BRAC Conference Focuses on Both Downsizing, Growth
By John D. Banusiewicz
American Forces Press Service
ATLANTA, May 3, 2006 With the 2005 Base Realignment and Closure process shutting down 25 major installations and radically realigning 24 others over the next six years, a BRAC conference under way here is focusing on growth as well as downsizing, a defense official told reporters here today.
"Traditionally when we've done these events, they've been very much closure-focused," said Philip W. Grone, deputy undersecretary of defense for installations and environment. But this conference, he added, also features "a very healthy focus on growth." This is happening because many areas will gain substantial numbers of uniformed and civilian military employees as the Defense Department realigns its global force posture to transform from a Cold War stance to one geared toward 21st century threats.
More than 900 representatives from the Office of the Secretary of Defense, the military services, various state, local and federal agencies and BRAC-affected communities are here to discuss BRAC 2005's ramifications. Grone said this conference is taking place earlier in the process than similar meetings in previous BRAC rounds, and that it features an unprecedented level of federal interagency representation.
"There are a number of locations around the country that are going to see some fairly important growth coming out of this round of BRAC for a whole variety of reasons," he said. "It's important for those communities to put them in the position where they can help plan for the future, and they have them all here together, giving them access to the federal interagency processes."
Grone chairs the president's Economic Adjustment Committee, which coordinates federal interagency and intergovernmental assistance to support the Defense Economic Adjustment Program and help communities respond to economic impacts caused by significant defense program changes, including BRAC. Emily Stover DeRocco of the Labor Department and James Yeager of the Commerce Department serve as co-vice chairs, and the committee comprises 22 federal agencies.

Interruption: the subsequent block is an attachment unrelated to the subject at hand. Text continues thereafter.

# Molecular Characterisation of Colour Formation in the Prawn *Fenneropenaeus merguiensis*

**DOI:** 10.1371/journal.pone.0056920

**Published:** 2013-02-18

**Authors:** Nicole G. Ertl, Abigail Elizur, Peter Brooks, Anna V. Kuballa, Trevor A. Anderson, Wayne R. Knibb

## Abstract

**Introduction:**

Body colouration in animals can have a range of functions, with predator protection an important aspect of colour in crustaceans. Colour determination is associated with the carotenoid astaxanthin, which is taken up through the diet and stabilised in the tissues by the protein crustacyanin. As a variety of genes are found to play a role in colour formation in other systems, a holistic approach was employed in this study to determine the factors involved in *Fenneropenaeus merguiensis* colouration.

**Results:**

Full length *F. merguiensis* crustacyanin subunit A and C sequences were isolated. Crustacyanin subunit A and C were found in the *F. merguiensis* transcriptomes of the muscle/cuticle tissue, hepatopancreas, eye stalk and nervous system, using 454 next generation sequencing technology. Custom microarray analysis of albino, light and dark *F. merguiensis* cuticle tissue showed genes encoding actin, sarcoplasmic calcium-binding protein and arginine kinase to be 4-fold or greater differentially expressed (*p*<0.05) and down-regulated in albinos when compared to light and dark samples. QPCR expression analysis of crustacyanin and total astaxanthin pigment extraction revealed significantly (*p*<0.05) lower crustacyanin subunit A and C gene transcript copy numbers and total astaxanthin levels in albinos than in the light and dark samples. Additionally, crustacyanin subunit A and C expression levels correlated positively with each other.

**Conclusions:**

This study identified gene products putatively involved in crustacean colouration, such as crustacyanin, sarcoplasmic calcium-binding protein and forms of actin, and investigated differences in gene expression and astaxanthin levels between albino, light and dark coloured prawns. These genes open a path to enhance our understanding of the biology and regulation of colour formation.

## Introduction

The EAC meets formally every quarter, Grone said, but its members work and coordinate EAC issues on an ongoing basis. Nearly all of the 22 federal agencies with a seat on the EAC are here for the BRAC conference, Grone noted.
The 2005 BRAC round differs greatly from previous ones, said Patrick O'Brien, director of DoD's Office of Economic Adjustment. Previous BRAC rounds, he noted, dealt largely with huge tracts of property comparable to medium-sized cities.
"This time around, we have a handful of locations like that, but this conference has a customer base that also has many Guard and Reserve facilities that are anywhere from a half-acre to a maybe couple of acres," he said. "And even though they're smaller in size, there are other issues that make them very significant, and very important to the community at hand.
"And then when you add the growth piece to this," he continued, "that growth piece is going to be an enduring issue for those communities for years to come, simply because you're talking about expanding the capacity of these communities to absorb that growth. And we are affording them the network and the opportunity to start working across themselves - what's working, what's not - and basically helping them establish best practices among themselves."
O'Brien said the conference represents the first opportunity in BRAC 2005 for a forum involving state and local officials, military installations and federal agencies, and for state and local officials to address the impacts of downsizing or mission growth.
"Clearly, the ability to respond to these impacts goes well beyond the Department of Defense. That's why the federal agencies are here," he said. The federal agencies, he added, have come to listen to community leaders and to understand what their needs are, and to offer financial and technical support in meeting those needs.
The federal agencies will work in partnership with state and local officials throughout the process, O'Brien said. "That's going to be very important for these communities," he noted. "At the end of the day, the resources of our organization - the Office of Economic Adjustment - along with the resources of the other federal agencies, have got to be available to help these communities."
Another key aspect of the conference is the opportunity to equip state and local leaders with an understanding of what the military is going to do so they can put it in a civilian context locally and help DoD carry on its warfighting mission, O'Brien said.